How HBO is using a dating app to market itself
HBO may be known for its original shows, but its latest marketing push focuses on its collection of studio films.
The company has teamed up with dating-app-turned-lifestyle-brand Bumble to host a two-night event called “Stay home to the movies” on August 15 and 16. Guests, including Bumble users who received an in-app invite for the experience, visited an approximately $30 million apartment near Washington Square Park in New York. Attendees were divided into six different movies, such as “Girls Trip,” “Back to the Future” and “It,” based on a personality quiz. There were 65 guests each night, with the waitlist at 1,200 per night.
As HBO competes with the rise of Netflix, Hulu, Amazon Prime Video and soon-to-come Disney streaming service, HBO is promoting its selection of movies to offer customers along with exclusive shows. HBO is still among the top streaming services with 5 million streaming customers in the U.S. and 142 million subscribers through cable and streaming worldwide, as of February 2018. Netflix reported 130 million subscribers for the second quarter of 2018.
HBO is also competing with the rise of theater subscription services, notably MoviePass along with AMC A-List and Sinemia, to bring people to watch new films. Meanwhile, Bumble is looking for a point of differentiation with other dating apps, including Facebook’s new product.
Both brands have chosen to invest in experiential marketing, separately, and now together, to help with retention of old users and lure new ones. HBO regularly hosts experiential events for the launch of new shows, while Bumble has hosted pop-ups in certain markets to celebrate its community. The theme of the combined event was a movie date night, where the idea was that Bumble users could have a first date that was a movie, without having to pay to go to the theater and without the uncomfortable ask of inviting somewhere. It’s what another brand — aka not HBO — may call a “Netflix and Chill.”
“We felt like the brands and our key audiences were a good alignment, younger, influential, socially connected and looking for something to do,” said Jason Mulderig, vp of brand and product marketing at HBO.
Bumble’s director of partnerships Andee Olson said the company knew there was crossover between its audience and HBO’s ahead of the event.
To promote their value and earn some impressions on Instagram and Snapchat, the brands hired Giant Spoon to create the program along with creative agency Mekanism. HBO also worked with Giant Spoon on its Westworld activation during South by Southwest this past year.
Part of the joint brief included equal representation of the brands, which Giant Spoon achieved through yellow accents (Bumble’s color) throughout the movie-watching rooms. For example, one of the rooms had a tub full of candy with yellow wrappers and rubber ducks, ideal for an Instagram photo or Boomerang.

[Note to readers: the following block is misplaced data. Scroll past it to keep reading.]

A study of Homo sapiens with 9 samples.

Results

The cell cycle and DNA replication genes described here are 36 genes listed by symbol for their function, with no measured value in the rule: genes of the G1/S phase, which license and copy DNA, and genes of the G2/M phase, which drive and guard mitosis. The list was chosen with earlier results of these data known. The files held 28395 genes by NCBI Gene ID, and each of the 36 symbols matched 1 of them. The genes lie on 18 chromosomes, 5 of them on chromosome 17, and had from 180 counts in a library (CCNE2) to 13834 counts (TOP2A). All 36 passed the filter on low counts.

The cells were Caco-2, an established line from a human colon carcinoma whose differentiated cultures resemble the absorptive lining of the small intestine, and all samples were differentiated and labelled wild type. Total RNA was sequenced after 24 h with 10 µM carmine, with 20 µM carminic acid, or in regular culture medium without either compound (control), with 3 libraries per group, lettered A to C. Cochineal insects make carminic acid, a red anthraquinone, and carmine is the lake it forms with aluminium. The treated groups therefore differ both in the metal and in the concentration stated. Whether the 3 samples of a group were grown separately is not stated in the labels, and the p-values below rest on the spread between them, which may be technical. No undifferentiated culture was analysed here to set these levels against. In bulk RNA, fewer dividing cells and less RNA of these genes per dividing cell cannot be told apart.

“Both [brands] need people to sign up for their services and brand awareness and brand love. We were trying to balance all of that and make it seem like a true collaboration, felt like the two of them were coming together,” said Marc Simons, cofounder of Giant Spoon.
When it comes to tracking return on investment for clients, Giant Spoon’s Simons said the agency doesn’t actually guarantee anything. Part of its strategy is extreme attention to detail which includes fitting in as many elements as possible in hopes of organic impressions on Facebook, Instagram, Snapchat and Twitter.
“There are no guarantees in our business. We need to take a chance on this stuff and make it as good as it can be and fill it with as many possible ways to get a return. We’re making sure we’re holding the bar that it’s something that will truly cause FOMO,” Simons said.
For a recent event with STX Entertainment, they sold out the experience with about 300 to 400 people a night. Due to demand, Simons said they chose to add three more nights.
While the agency works mostly with entertainment companies on experiential marketing, Simons said he’s seen a growth of interest from clients in tech and CPG brands.
“We’re trying to make sure we’re working on projects with the clients that truly want to create experiences versus a little stunt or an event marketing execution,” Simons said.
Giant Spoon also has been focused on growing its businesses beyond experiential. For example, Giant Spoon recently worked with HP on long-form videos about esports and gaming. For now, about 2o to 25 percent of the company’s revenue comes from experiential.